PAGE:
London: Some 37,500 people, including elderly, children and disabled persons, have been brought under safe drinking water, sanitation and hygiene coverage in some char (riverbed) areas in the district in an effort for freeing the areas from various water and airborne diseases.
Around 7,500 other community people, including 4,500 under five children and 3,000 pregnant and lactating women, have been brought under nutritional support aiming at bringing them out of the vicious cycle of malnutrition in the hard-to-reach areas.
Various promotional activities are being carried out in four flood and river erosion-prone unions under Belkuchi and Chohali upazilas under an UN joint programme titled “Support for Northwest Bangladesh Floods (WASH, Food Security and Nutrition)”.
NGO Forum for Public Health implemented the project with the main thrust of making the community people capable to cope with the natural catastrophes relating to the aspects of water, sanitation, hygiene and nutrition with financial support of UNICEF.
“We have constructed 500 improved latrines for flood resilience households,110 batching cubicles for women and adolescents and 200 other latrines for people with different needs such as elderly, child and disabled persons,”said Sabit Jahan, district project coordinator of NGO Forum for Public Health.
The project intends to support flood affected population having access to flood resilient WASH services and ensure improved access to nutritional services among children under five and pregnant and lactating women.
Around 450 emergency hygiene promotion sessions were conducted for the community people to help them know and maintain hygiene practices properly and disseminate their ideas among neighbours. 150 hygiene kits were distributed among the beneficiaries under the project.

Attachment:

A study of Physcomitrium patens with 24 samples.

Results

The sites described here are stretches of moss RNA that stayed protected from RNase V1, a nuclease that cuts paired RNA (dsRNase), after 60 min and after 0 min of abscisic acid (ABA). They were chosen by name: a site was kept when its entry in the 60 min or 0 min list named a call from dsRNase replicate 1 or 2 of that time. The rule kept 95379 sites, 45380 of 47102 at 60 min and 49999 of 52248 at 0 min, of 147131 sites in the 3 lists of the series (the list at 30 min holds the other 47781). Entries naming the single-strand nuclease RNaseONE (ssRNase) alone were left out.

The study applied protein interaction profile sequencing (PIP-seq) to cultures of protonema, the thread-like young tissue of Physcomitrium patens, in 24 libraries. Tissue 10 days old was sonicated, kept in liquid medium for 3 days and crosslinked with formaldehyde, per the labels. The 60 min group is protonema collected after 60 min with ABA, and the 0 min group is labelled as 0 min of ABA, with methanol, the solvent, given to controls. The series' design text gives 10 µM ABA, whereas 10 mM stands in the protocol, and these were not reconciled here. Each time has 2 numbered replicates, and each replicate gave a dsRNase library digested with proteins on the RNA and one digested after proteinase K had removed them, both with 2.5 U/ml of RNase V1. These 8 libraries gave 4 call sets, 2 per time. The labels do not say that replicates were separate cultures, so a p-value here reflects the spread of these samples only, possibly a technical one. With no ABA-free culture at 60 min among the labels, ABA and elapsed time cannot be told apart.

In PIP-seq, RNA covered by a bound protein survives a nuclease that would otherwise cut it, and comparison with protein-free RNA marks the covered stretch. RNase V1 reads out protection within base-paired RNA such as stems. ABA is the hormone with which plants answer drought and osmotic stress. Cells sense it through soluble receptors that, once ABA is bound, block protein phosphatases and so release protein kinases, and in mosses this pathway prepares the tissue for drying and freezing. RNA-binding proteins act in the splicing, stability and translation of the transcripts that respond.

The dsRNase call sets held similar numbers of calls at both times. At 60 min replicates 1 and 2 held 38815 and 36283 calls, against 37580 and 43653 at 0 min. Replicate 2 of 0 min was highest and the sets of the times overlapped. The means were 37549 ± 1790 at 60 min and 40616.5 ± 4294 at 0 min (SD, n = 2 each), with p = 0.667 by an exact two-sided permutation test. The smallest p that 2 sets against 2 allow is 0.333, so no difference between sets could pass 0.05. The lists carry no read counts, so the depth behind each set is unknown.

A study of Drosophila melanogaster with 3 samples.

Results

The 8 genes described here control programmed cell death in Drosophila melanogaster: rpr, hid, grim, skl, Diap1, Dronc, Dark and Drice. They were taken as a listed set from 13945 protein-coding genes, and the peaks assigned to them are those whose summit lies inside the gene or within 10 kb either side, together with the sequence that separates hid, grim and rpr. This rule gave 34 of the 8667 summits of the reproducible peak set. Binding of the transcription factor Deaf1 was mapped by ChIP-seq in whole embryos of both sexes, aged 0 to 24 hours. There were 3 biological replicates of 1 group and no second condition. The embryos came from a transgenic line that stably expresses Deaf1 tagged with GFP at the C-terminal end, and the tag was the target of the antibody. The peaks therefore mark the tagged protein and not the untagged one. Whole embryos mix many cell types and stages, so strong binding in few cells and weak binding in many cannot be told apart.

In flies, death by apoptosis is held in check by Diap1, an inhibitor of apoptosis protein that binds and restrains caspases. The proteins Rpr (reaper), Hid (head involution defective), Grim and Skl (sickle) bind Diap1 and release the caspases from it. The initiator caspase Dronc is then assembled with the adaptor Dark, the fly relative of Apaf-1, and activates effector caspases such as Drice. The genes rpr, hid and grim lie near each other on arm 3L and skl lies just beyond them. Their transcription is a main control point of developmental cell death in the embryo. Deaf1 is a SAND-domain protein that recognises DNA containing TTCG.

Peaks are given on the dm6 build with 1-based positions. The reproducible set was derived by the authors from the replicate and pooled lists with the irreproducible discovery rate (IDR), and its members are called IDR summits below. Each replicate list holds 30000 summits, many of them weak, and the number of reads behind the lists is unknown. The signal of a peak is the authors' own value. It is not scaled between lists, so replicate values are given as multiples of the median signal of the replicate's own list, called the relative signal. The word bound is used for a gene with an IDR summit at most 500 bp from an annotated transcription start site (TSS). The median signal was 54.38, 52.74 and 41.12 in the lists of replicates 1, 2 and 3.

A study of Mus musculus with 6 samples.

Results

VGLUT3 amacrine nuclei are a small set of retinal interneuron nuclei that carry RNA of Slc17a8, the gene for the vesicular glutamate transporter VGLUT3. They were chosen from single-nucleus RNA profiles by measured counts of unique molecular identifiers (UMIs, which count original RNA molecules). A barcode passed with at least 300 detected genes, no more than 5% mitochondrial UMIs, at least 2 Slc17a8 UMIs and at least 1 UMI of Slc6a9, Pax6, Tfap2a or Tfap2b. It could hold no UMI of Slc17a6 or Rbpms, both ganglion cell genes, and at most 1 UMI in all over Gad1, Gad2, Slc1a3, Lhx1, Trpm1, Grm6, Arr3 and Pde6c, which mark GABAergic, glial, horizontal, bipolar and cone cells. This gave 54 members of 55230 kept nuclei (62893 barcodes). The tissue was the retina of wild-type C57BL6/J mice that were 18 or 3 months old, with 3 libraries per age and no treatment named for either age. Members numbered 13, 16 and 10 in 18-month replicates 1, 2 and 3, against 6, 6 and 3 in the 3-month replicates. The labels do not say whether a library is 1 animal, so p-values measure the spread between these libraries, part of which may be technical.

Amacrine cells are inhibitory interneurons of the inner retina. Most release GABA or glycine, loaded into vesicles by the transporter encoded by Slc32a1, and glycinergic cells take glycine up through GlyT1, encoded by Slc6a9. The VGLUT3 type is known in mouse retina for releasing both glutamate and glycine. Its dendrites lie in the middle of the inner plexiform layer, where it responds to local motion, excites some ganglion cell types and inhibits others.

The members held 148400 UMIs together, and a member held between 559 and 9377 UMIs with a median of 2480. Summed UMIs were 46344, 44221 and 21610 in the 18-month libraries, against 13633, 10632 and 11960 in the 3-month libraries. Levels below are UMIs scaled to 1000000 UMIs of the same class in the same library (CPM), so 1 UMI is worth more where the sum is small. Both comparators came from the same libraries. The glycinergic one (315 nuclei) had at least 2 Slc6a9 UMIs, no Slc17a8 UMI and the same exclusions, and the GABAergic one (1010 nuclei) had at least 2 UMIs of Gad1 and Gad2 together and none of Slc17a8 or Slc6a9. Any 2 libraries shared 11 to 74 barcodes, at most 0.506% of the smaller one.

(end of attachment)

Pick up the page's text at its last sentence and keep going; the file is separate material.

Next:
The activities were carried out in terms of promotion of community latrines and safe water use promotion with hygiene education for awareness raising.
Jamanur Rahman, executive engineer of Department of Public Health Engineering, told BSS that the promotional activities will contribute a lot to elevating living and livelihood condition of the beneficiaries.
He said the promotion of better hygiene alone or in combination with safe drinking water and sanitation can have a major impact on reducing disease prevalence and public and private health costs.
He added that capacity building for hygiene promotion shall not be a discrete function. It must be an integral part of the strategy for improving sector capacity to address problems related to water, sanitation and hygiene promotion. Capacity building initiatives must involve relevant target-groups as well.
Civil Surgeon Dr Manzur Rahman says the nutritional works will contribute a lot to substantial reduction of uterine physical and mental disabilities besides supplementing the national efforts to prevent maternal and infant mortality.
Poor sanitation contributes to high levels of acute respiratory infections and diarrhea, which kill children every year.
Besides, poor sanitation practices in the hard-to-reach areas are exacerbated by seasonal flooding and erosion which ruin many water sources and latrines and hamper efforts to build new ones.
Deputy Commissioner Kamrun Nahar Siddika viewed hygiene awareness and knowledge of the links between poor hygiene and disease are lowest among the typically poorly-educated dwellers.
The nutrition activities will sure help improving the nutritional status of children, pregnant and breastfeeding women and adolescent girls of the project targeted households as the highest rate of malnutrition has been found among children living in the remotest areas, she added.